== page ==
Dream Scene

The Seldom Scene

(SHCD-3858)

Sugar Hill Records, Inc.
P O Box 55300
Durham, NC 27717-5300

A review written for the Folk & Acoustic Music Exchange
by Henry Koretzky
(HRK@PSULIAS.PSU.EDU)

Life is full of strange and tragic twists, and the new release by the Seldom Scene, the DC-based bluegrass quintet, has a sad irony to it. DREAM SCENE was intended to debut a radically new line-up for the Scene, who've been thrilling audiences with their mix of haunting harmonies, outlandish covers, and raucous stage presence for close to twenty-five years. After the loss of three bandmates who had resigned to form the band Chesapeake, founding members John Duffey and Ben Eldridge regrouped with a dynamic new roster. DREAM SCENE was intended to be the unveiling of a fresh chapter in the life of this renowned unit. But the shocking death of mandolinist John Duffey due to heart failure at the age of 62 causes this disc to be seen as an epitaph as well as an inauguration.

By either standard, DREAM SCENE is a triumphant return to form by the Scene. Lead singer/guitarist Dudley Connell, who established his vocal chops during several years of performances and recordings with the Johnson Mountain Boys, proves himself a worthy heir to the tradition established by former Scene singers John Starling, Phil Rosenthal, and Lou Reid. This recording includes his expressive delivery of the Civil War lament "Dry Run Creek" and a powerful remake of the Jean Ritchie song "Blue Diamond," which he'd previously recorded with the JMB. Dobroist Fred Travers, most recently with the Gary Ferguson Band, had worshipped at the altar of "his legendship" Mike Auldridge for many years. He captures the keening dobro sound that was such a hallmark of the Scene's sound, and even adds his smooth lead vocals to "Love of the Mountains." Ronnie Simpkins, who had held the bass chair for so many years with the Tony Rice Unit, anchors the powerful rhythms of the band very well, and even gets a chance to shine on the disc's sole instrumental number, Ron Pennington's "Tulsa Chili Bop."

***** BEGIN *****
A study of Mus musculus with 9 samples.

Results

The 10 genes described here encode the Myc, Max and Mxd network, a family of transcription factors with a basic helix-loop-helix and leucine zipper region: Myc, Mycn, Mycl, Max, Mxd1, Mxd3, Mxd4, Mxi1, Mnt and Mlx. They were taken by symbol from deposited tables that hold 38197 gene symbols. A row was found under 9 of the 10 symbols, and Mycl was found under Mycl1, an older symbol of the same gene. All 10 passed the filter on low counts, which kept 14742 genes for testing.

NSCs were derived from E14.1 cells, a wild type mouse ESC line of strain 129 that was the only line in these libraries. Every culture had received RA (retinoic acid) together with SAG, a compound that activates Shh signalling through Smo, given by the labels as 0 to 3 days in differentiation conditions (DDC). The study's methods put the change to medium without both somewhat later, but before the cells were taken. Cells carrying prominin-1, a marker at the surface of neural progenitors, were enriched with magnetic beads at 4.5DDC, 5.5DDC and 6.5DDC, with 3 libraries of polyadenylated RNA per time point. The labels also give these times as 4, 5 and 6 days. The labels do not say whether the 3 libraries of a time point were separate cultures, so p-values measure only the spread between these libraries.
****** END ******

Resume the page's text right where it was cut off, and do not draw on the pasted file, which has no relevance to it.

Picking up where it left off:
But it's the contributions of stalwarts Duffey and Eldridge that most define the signature sound of this band. Eldridge, as usual, brings his impeccably solid and tasteful banjo playing to the mix, supplying the appropriate fills and solos to a range of tunes that runs the gamut from breakneck bluegrass to sixties revivalism ("Bad Moon Rising.") And, what can you say, Duffey is Duffey. He always loved emoting on tear-jerker songs, as he does here on the sentimental ballad "Willie Roy," and there's also his wonderfully haunting lead vocal on "The Boatman." DREAM SCENE also features plenty of his trademark tenor harmonies, which shine especially bright on "Blue Diamond" and "Going Up on the Mountain."

The good news is that the Seldom Scene plan to carry on with former guitarist Lou Reid in the mandolin chair. But since John Duffey was as irreplaceable a personality as one could imagine in the world of bluegrass, DREAM SCENE becomes an especially precious document of this all too short-lived cast. Whether you're a veteran follower of the Scene, or one who's discovering their music for the first time, DREAM SCENE contains plenty of the magic that continues to make this group so special.

Edited by Shawn Linderman

Copyright 1997, Peterborough Folk Music Society.
This review may be reprinted with prior permission and attribution.